Imagining New Worlds

Imagining New Worlds

Metal artist Beatriz Cortez looks to the past and the present to inspire groundbreaking visions of the future.

Imagining New Worlds

Metal artist Beatriz Cortez looks to the past and the present to inspire groundbreaking visions of the future.
December/January 2020 issue of American Craft magazine
Mediums Metal
Beatriz Cortez

Beatriz Cortez

Douglas Kirkland

Last year, sculptor Beatriz Cortez exhibited a set of outdoor works in the shape of geodesic domes in Marfa, Texas – the hallowed ground of sculptors Donald Judd and John Chamberlain. She crafted one from steel bars, chain link, and folded strips of Mylar. For Cortez, these utilitarian materials called to mind the sheds and workshops of Los Angeles, where she lives, but also the experience of children in the border detention camps nearby.

Conceptually, her pieces are rich and complex. When Cortez builds sculptures from sheets of metal, for instance, she reflects both on ecological disaster scenarios in which metal outlasts all other organic materials and on the philosophy of French theorists Gilles Deleuze and Félix Guattari, who viewed mining and metalworking as a metaphor for opening up other dimensions and making new worlds.

When Cortez uses plastic zip ties to fasten panels of metal or mirrored glass, she imagines them as stitches binding fabric, and flashes back to her childhood in San Salvador, El Salvador, where her second-grade teacher demanded perfect embroidery stitching of her. But zip ties are also used as fasteners aboard space capsules, a fact that resonates with Cortez’s interest in cosmology and speculative fiction.

“When I’m making a work, I bring together all these lives that I inhabit,” she says.

When Cortez was 18, civil war in El Salvador forced her to leave home in haste and emigrate to the US. She went on to study literature and Latin American history, earning a doctorate at Arizona State University, and now teaches in the interdisciplinary Central American Studies department at California State University, Northridge. But the academic, who earned an MFA at California Institute of the Arts in 2015, has always been an artist, too.

“On the one hand, I’m a scholar; on the other hand, I’m an artist – but those two things to me are one and the same,” says Cortez, 49. “I’m reading philosophy and I’m doing research in the archives all the time in order to describe how my pieces are going to look.”

It’s heady stuff, if you choose to go there – but you don’t have to, as Cortez’s work never fails to strike an emotional chord.

Her stitched metal pieces have the bluntness of industrial fabrication but at the same time, a fluid, provisional feel. The gardens she assembles with ancient plants from what is now Central America exude a fragile tenderness. And her pyramidal rock assemblages carry inchoate mystical allusions and the trace of ancient cultures.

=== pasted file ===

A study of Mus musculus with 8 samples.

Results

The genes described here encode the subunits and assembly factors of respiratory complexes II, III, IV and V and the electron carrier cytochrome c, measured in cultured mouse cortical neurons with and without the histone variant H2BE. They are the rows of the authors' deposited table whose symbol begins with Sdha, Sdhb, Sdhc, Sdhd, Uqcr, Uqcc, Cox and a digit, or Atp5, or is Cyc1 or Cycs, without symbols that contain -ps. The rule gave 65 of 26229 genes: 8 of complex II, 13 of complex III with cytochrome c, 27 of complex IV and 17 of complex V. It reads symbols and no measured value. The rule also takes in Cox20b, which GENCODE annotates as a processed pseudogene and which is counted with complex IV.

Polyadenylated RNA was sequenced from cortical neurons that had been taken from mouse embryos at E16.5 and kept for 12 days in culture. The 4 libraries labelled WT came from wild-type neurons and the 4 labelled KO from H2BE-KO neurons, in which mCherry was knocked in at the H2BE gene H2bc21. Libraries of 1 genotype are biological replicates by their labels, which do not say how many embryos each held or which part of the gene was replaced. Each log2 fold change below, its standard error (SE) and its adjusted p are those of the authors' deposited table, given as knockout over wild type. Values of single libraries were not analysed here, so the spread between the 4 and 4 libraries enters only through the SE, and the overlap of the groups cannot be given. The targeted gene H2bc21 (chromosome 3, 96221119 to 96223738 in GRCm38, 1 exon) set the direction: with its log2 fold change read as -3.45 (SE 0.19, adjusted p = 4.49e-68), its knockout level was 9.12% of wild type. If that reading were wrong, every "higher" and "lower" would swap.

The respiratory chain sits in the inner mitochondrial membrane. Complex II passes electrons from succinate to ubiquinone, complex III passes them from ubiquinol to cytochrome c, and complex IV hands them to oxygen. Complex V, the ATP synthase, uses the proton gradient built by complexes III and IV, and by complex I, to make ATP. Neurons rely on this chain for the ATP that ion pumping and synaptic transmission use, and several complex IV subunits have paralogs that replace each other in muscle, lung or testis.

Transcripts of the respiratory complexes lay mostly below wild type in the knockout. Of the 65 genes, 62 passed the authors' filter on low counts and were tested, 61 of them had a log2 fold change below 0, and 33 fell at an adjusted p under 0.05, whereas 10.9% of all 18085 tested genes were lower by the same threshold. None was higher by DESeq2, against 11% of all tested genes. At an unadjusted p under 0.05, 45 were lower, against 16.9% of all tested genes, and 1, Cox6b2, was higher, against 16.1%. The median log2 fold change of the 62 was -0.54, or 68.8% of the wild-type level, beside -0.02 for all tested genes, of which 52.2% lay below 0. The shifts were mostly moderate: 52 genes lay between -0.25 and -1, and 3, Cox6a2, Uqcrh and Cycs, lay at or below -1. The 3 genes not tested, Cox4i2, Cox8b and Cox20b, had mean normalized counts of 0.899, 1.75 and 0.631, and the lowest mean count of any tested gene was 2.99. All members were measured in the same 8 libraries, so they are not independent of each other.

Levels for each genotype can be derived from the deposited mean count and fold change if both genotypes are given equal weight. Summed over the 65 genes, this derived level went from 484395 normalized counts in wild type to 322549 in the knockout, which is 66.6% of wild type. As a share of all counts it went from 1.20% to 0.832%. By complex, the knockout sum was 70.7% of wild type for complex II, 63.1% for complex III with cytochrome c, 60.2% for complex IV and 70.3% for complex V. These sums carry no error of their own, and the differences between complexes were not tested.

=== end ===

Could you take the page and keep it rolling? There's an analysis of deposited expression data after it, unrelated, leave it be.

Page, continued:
At times, Cortez involves machinery or sound in her pieces: an apparatus that spits out a ticker of fortunes or quotes by famous philosophers; rooms bathed in colored light; a jukebox that plays street recordings from Los Angeles and San Salvador cued by titles like “Rain,” “Parrots,” or “Bread.”

In The Cosmos (Spaceship) (2015), recently on view in “Mundos Alternos: Art and Science Fiction in the Americas” at New York’s Queens Museum, the mirrored, hut-like edifice invites viewers to step inside and listen to a century-old recording of Ishi, last known member of the Yahi tribe of present-day California. In a language only he understood, his voice carries “a message for each of us, imagining being left alone speaking to ourselves in a world that’s being destroyed,” Cortez says. For the work, the artist says she imagined a space capsule that could come just as easily from the past as from the future – indeed, from both at once.

It’s part of an effort to challenge harmful narratives that “push Indigenous people into the past and don’t imagine them as part of the future,” she says. “As an intellectual, I’m thinking about the future that I want to imagine or build, and I don’t want to repeat that mistake.”

Her activism takes several forms. By forging relationships with Indigenous peoples and scholars in the US and Central America, she’s working to center Indigenous knowledge in political and environmental initiatives. She has also been a board member of CARECEN, a major advocacy organization for Central American immigrants, who are often targeted by gangs and traffickers. “I do what immigrants do: Work really hard, and create solidarity networks,” she says. “My sculptures are just part of that whole effort.”

Tzolk’in (2018) epitomizes Cortez’s integrated approach. The work consists of two triangular metal structures, each mounted with a set of motorized hypocycloidal gears referencing the Mayan calendar, itself made of interlocking cycles. The larger of the pieces was displayed at the Bowtie Project, a sculpture park in an industrial area of LA which Cortez describes as “a precarious space” that’s exposed to nature and lacks guards or docents. The other was shown at LA’s Hammer Museum, cosseted with the usual protections. Conceptually, the work commented on distance and vulnerability, migration, and the sense of being in two worlds at once.

As Cortez worked on the project, Claudia Patricia Gómez González, a 20-year-old Guatemalan Maya woman, was killed while crossing the Rio Grande. “I was placing this piece that was honoring the Maya, and at the same time the Maya were being shot,” she says. “It was painful to think about how connected all these things were, and what it meant to honor the Maya in LA.”

As the artist sees it, the privilege she’s achieved with her success comes with responsibility, especially now. She cites the famous saying by Toni Morrison: “The function of freedom is to free someone else.”